Wednesday, June 24, 2009

Sal Westrich

Art students at Pratt Institute in New York will know Sal Westrich. He teaches history there during the school year and then spends the summers in southern France, enjoying the delights of tomates à la Provençale and salade niçoise. What could be a better life?


i, me said...

Only people who HAVE money can have contempt for money.I'm trying to be one, but not as much luck so far as I'd like.

Just out of curiosity, Jim, how many sci-fi covers did you do?

i, me said...

I, me: I'm sorry, but I had to delete your comments, something I almost never do. I welcome all opinions as long as they are not insulting to a person. Sal was my guest in my home, and with his permission I sketched him and quoted him. If you like, you can restate your argument in the abstract, as Jeff has done.

i, me said...

I am sorry if you found my comments insulting to your guest, and I certainly don't want this blog (or maintaining it) to become a burden to you, as it is a great resource for artists.

jeff jordan said...

I saw a bumper sticker a couple weeks ago that might apply to Mr. Westrich's remarks.........
The Best Things in Life Aren't Things.

Works for me!

jeff said...

Sal sounds like my kind of guy.
Teach, go to Provence in the summer, ahh what a life.

Having contempt for money is not a wish to be poor. It's merely a statement on the American obsession with it. Dieing poor or at least spending it all is not a bad idea.

Steve said...

Lawrence Summers one day, Sal Westrich another -- not exactly policy twins -- but you share with us the artwork that resulted from spending an evening or afternoon with them both.

For me, this evokes a sense of being present in an open, friendly way -- it doesn't mean your views are identical to either man. Much of what I value in Gurney Journey is its open-hearted graciousness and spirit of curiosity.

James Gurney said...

Thanks, I,me, that's generous of you. I understand how Sal's comments can be provocative; he tosses things out to get a conversation going.

Jeff F and Jeff J...yes, that's the way I took Sal's meaning, too: money ain't everything. In his life it happens that he has been both rich and poor at different stages, and he'd rather try to detach himself from the Wheel of Fortune. Not easy.

Steve, thank you. I try to learn something from everyone. Sketching a portrait is really just an attempt to sympathize with another soul.

Jeff J: I painted about 70 paperback covers in all, and they'll all be listed in the back of the new book, Imaginative Realism.

Erik Bongers said...

Well, this is the most political post on this blog I've seen so far.
But I like discussing politics.
Apparently the word 'socialism' still works like a red flag on a bull in the US.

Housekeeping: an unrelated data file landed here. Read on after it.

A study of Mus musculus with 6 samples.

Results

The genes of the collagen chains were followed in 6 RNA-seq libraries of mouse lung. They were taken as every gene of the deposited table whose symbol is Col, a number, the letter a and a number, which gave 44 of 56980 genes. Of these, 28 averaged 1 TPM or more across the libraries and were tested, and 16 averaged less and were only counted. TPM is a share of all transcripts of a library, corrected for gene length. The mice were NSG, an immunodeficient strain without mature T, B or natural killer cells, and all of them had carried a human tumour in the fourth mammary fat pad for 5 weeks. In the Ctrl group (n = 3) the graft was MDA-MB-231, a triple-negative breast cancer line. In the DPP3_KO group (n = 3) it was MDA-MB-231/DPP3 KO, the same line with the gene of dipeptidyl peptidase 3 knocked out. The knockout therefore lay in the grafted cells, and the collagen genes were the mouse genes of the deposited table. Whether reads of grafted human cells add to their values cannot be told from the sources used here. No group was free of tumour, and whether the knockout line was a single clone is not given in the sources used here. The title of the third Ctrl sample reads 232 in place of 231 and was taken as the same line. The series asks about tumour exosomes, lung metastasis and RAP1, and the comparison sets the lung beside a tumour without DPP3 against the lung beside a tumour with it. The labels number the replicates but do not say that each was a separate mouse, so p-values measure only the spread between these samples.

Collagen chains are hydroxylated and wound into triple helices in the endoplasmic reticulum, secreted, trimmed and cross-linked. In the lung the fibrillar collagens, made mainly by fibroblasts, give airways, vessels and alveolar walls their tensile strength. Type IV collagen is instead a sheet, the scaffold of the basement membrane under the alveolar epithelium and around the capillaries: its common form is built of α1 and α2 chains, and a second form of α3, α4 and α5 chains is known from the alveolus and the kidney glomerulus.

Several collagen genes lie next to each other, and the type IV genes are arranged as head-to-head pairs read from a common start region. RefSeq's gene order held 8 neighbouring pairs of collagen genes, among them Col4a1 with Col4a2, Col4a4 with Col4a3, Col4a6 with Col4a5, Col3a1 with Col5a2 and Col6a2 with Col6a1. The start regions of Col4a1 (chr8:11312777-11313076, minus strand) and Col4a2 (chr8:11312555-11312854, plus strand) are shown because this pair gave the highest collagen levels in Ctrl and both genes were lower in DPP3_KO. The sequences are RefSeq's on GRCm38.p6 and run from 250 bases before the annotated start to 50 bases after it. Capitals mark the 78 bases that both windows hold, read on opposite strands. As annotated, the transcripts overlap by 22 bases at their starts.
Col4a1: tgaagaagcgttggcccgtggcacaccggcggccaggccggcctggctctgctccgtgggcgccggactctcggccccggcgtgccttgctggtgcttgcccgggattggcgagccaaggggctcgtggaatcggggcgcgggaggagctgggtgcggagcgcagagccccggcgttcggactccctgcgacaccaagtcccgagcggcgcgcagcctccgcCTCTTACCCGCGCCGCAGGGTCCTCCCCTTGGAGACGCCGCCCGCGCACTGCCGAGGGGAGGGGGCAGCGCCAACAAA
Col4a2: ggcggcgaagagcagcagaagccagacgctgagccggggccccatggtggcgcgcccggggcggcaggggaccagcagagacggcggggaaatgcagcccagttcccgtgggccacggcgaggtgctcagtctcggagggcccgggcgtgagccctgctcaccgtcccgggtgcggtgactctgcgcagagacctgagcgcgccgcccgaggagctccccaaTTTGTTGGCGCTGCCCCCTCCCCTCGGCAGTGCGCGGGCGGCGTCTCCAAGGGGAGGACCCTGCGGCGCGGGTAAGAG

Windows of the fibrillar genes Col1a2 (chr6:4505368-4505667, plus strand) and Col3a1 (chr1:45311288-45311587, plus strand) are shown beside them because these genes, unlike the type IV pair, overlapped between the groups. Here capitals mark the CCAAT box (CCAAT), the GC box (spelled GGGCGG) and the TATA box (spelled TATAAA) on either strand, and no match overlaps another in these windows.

I'm one of the (many, no doubt) European readers, and I assure you that socialism in Europe is basically "higher taxes and in return the goverment pays our medical bills". (I'm simplyfing)

Lack of freedom in our countries? Well, you have the 'freedom' to try and get rich in Europe, but it will take longer because of the higher taxes.

Risk of getting poor, loose your house and no way to pay for your medication? Well, much less risk for that than in the US as much of that tax payers money is used as a 'safety net'.

Do not confuse socialism with communism, where you indeed have to give up the freedom of trade (to start with). History has clearly shown what communism leads to.

Less democracy in our 'socialistic' countries?
Well, in most european countries you have a 'socialist' party, traditionally representing the working class, you have a 'free trade' party, representing bussines owners, a 'christian' party and a 'green' party. (I'm forgetting the racist party)
So, as a voter you have much more variety to choose from, and most of these parties are big enough to be worth voting for in the sense that they all make a chance of being part of a governement every odd election. I'd call that MORE democracy.

But our more 'socialistic' way of government is far from perfect. It can lead to excess and abuse of this 'safety net'. And the multi-party system often results in lack of leadership and errmmm...audacity of hope.

As a final remark:
to say that you can't get hungry in the south of France...I don't think you'll be eating much "Salade Niçoise" if your poor. Just like everywhere in the world the poor southern Frenchies eat McDonalds leftovers. Dommage!

Unknown said...

I really like Steve and Jim's comments about being open and to rephrase, "Seek first to understand". I think we could all try to agree to disagree with others. American society seems to be plagued with dualisms, with those who hold one extreme position demonizing those who believe the opposite. A lot of times, I seem to land somewhere in the middle. Somehow we seem to feel threatened with others don't agree with us on politics, religion, etc.

Mary Bullock said...

Well said Andrew!

S. Weasel said...

A bland refusal to take sides on the big questions is another luxury only the comfortable can afford.

Contrary to appearances, though, artists (in my experience) aren't really very political. Just deliberately provocative, and they know politics and religion are easy hotbuttons to push. I've been waiting all my adult life for some counterculture attitudes to become so mainstream that the art community runs the other way and goes all Victorian on us.